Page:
Valentine's Day. It is the second largest greeting card holiday in the United States (second only to Christmas), and the number one day for sending flowers to a loved one. It is the florists' Black Friday. But what about the symbols of Valentine's Day? Those plump hearts, those little candies that say "Be Mine". And, of course, Cupid. What do we know about this Cupid? That he is a chubby little angel, armed with a bow and arrow, right? He shoots the arrow and. . .uh. . .yeah, I don't really know anything beyond that. Nature abhors a vacuum, and my mind abhors not knowing anything about this winged matchmaker. Time to do some research.
Researching. . .
Researching. . .
Back. First of all, Cupid ≠ angel. Cupid is a Roman god. He is the son of Venus and Mars (the gods, not women and men, as described by Dr. John Gray), and, as with most of the gods, he exists to tell a story, explain a piece of science, and/or impart a moral lesson. With Cupid, the story is this:
Venus, Cupid's mother and apparently the jealous type, ordered her son to punish the princess Psyche by making her fall in love with the ugliest man in her kingdom. This would of course bring tremendous shame onto Psyche and would probably result in her being gradually excluded from the more exclusive princess parties. Cupid, Venus' son and apparently the clumsy type, failed in his mission. He accidentally shot himself in the foot with one of his enchanted arrows, and thus fell in love with Psyche himself. It should be noted that there is little reason to believe that the "real" Cupid in the legend is a diapered baby as he is generally portrayed in art and popular culture, so the story isn't as strange as it might sound.
All right, yes it is.
You see, because of Psyche's mortal status, she could not look at her lover, Cupid. She remained steadfast in this (perhaps giving us an explanation for the love is blind phrase? Hmm??) until her sisters talked her into doing it just one time. You know, for the hell of it. Well, this resulted in Cupid punishing his lover with banishment. To make a long story short, Psyche competed in some trials, died, and then was brought back to life, made a goddess, and she and Cupid lived happily ever after.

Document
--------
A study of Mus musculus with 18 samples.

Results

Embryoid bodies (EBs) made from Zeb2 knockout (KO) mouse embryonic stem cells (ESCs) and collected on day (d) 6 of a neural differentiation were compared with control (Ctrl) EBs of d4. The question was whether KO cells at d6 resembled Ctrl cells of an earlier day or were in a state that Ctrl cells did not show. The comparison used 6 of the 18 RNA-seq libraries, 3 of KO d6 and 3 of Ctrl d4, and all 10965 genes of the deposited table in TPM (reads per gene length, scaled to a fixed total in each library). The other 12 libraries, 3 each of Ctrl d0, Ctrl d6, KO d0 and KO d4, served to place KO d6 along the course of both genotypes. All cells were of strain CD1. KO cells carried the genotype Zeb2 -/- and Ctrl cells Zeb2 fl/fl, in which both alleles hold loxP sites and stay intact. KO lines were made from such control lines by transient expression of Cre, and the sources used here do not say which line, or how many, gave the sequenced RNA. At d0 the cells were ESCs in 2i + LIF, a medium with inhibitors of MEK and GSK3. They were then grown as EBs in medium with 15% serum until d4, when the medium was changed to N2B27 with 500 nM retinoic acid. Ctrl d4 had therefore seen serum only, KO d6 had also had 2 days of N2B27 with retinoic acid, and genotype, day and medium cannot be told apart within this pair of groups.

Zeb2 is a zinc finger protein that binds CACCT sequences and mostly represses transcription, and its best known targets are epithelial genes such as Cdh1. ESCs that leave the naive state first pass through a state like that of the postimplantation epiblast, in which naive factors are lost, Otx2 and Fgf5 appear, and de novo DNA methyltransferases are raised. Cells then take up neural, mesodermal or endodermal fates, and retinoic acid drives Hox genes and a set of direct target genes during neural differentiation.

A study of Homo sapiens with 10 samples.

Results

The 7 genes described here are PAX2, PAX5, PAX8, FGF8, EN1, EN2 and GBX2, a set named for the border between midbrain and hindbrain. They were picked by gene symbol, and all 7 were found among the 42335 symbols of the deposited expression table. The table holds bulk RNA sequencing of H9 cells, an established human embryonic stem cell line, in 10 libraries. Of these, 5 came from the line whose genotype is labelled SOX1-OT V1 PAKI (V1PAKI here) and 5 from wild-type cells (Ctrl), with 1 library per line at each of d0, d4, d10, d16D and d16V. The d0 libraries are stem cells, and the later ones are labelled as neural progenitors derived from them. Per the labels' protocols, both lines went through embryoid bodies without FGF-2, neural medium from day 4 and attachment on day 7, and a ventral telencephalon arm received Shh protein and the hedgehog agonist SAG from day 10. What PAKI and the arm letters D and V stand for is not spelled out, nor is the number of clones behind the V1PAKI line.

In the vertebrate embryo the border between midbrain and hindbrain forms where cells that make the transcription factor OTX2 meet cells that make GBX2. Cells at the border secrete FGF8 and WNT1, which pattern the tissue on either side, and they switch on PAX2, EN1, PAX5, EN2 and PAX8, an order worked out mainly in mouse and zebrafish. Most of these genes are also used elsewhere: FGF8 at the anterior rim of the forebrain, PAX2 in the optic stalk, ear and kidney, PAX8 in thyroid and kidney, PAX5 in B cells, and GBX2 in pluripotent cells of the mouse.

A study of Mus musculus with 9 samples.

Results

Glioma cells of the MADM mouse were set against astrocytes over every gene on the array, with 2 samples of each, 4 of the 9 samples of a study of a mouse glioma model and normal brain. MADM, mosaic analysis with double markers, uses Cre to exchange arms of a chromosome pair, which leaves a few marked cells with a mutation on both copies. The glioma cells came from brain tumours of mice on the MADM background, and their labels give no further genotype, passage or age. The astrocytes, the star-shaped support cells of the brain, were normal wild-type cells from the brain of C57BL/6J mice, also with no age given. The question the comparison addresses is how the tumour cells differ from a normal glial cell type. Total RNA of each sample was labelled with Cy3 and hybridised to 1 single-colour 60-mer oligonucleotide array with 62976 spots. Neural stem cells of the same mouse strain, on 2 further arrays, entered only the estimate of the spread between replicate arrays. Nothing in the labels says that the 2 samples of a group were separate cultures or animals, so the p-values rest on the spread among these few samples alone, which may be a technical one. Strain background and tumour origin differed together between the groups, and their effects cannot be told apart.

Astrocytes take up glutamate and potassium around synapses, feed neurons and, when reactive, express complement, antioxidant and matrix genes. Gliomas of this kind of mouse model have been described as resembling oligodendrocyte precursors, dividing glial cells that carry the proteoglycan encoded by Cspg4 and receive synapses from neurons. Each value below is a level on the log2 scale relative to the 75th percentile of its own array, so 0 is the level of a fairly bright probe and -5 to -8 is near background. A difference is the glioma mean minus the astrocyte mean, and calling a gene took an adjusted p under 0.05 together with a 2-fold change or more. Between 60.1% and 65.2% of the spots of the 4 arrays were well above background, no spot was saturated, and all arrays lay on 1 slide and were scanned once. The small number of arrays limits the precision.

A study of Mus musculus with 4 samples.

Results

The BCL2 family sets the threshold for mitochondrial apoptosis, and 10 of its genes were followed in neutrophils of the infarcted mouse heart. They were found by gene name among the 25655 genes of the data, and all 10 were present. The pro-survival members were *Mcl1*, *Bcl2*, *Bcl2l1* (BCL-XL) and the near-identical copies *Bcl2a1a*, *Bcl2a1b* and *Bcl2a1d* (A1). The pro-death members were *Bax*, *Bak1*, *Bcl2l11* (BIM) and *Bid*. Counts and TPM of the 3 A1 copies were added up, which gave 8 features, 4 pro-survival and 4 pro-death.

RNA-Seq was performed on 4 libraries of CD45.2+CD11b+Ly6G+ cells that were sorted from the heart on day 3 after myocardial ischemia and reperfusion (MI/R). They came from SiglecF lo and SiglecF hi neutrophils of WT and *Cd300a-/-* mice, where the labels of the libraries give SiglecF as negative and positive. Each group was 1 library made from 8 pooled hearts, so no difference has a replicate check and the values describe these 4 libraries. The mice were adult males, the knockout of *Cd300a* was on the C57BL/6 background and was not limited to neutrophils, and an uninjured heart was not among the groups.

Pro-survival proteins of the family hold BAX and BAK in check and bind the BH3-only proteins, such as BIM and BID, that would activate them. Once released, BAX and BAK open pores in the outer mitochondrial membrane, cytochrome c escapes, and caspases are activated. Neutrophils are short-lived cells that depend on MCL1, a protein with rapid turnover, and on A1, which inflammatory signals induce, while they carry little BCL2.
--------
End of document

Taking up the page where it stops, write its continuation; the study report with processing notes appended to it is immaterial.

Well, I don't exactly know what piece of science or moral lesson was to be learned from this tale, but it made for some (mildly) interesting reading. I've often wondered if the ancient Roman actually believed in these tales at one time, like people believe in the Bible today, or if they were always just little stories to be shared over a light feast of grapes and olives. I guess I could go and research that as well, but I've had enough Internet searching for one day and I'm banned from the local library for pulling a Koontz.
Interesting Cupid facts:
His name translates literally as "desire". I don't know if you can say, "I cupid a brownie," though, so use with caution.
He is known as Eros in Greek mythology. (And in Penthouse's Guide to Ancient Myth.)
He rules over the dead in the underworld. Some folks call it Hell, I call it Hades.
Well, quit reading this blog and go show your significant other that you cupid them. And be careful where you shoot those love arrows.